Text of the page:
There are also several environment variables (of the operating system, not within gtroff) which can modify the behavior of groff.

This search path, followed by PATH, is used for commands executed by groff.
If this is set to X, then groff runs Xtroff instead of gtroff. This also applies to tbl, pic, eqn, grn, chem, refer, and soelim. It does not apply to grops, grodvi, grotty, pre-grohtml, post-grohtml, preconv, grolj4, gropdf, and gxditview.

The default command prefix is determined during the installation process. If a non-GNU troff system is found, prefix ‘g’ is used, none otherwise.

The value of this environment value is passed to the preconv preprocessor to select the encoding of input files. Setting this option implies groff's command line option -k (this is, groff actually always calls preconv). If set without a value, groff calls preconv without arguments. An explicit -K command line option overrides the value of GROFF_ENCODING. See the manual page of preconv for details.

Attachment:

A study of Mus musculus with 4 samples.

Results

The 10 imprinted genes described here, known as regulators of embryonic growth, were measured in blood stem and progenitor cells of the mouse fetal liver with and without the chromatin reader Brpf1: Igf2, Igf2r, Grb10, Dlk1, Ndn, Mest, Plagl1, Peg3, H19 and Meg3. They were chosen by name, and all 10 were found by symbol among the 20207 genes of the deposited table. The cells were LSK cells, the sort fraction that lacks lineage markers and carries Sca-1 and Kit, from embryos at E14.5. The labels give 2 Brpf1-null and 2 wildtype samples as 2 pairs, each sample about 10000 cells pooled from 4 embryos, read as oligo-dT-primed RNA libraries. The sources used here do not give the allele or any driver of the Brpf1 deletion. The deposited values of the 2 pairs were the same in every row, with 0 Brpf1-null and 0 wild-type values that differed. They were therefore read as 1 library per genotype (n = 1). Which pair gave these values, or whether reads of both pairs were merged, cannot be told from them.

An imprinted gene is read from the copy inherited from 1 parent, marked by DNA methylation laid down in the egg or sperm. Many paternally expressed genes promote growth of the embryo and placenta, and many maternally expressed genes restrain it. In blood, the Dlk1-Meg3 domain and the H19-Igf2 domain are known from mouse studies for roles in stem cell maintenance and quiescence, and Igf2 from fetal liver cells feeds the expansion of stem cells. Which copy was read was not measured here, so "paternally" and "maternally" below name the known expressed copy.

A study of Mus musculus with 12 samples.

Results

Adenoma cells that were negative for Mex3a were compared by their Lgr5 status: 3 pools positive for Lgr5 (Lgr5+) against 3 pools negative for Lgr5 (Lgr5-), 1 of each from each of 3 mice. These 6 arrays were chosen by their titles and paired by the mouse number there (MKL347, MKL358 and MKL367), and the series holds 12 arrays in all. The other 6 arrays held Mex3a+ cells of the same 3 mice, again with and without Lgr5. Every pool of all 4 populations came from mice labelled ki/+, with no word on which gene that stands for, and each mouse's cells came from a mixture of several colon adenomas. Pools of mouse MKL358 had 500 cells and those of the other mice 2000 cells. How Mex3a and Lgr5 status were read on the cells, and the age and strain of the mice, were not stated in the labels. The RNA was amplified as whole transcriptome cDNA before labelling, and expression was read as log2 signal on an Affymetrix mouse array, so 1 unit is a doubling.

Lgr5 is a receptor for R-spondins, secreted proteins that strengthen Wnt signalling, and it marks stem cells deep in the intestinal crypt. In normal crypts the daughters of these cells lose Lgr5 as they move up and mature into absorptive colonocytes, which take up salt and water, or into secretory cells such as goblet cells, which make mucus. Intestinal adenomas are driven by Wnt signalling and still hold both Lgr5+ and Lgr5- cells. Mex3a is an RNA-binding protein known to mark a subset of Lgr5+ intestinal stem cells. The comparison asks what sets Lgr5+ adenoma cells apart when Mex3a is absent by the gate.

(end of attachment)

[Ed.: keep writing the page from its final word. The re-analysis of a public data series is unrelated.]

A colon-separated list of directories in which to search for the devname directory (before the default directories are tried). See Font Directories.
A colon-separated list of directories in which to search for macro files (before the default directories are tried). See Macro Directories.
The directory in which groff creates temporary files. If this is not set and TMPDIR is set, temporary files are created in that directory. Otherwise temporary files are created in a system-dependent default directory (on Unix and GNU/Linux systems, this is usually /tmp). grops, grefer, pre-grohtml, and post-grohtml can create temporary files in this directory.
The default output device.

Note that MS-DOS and MS-Windows ports of groff use semi-colons, rather than colons, to separate the directories in the lists described above.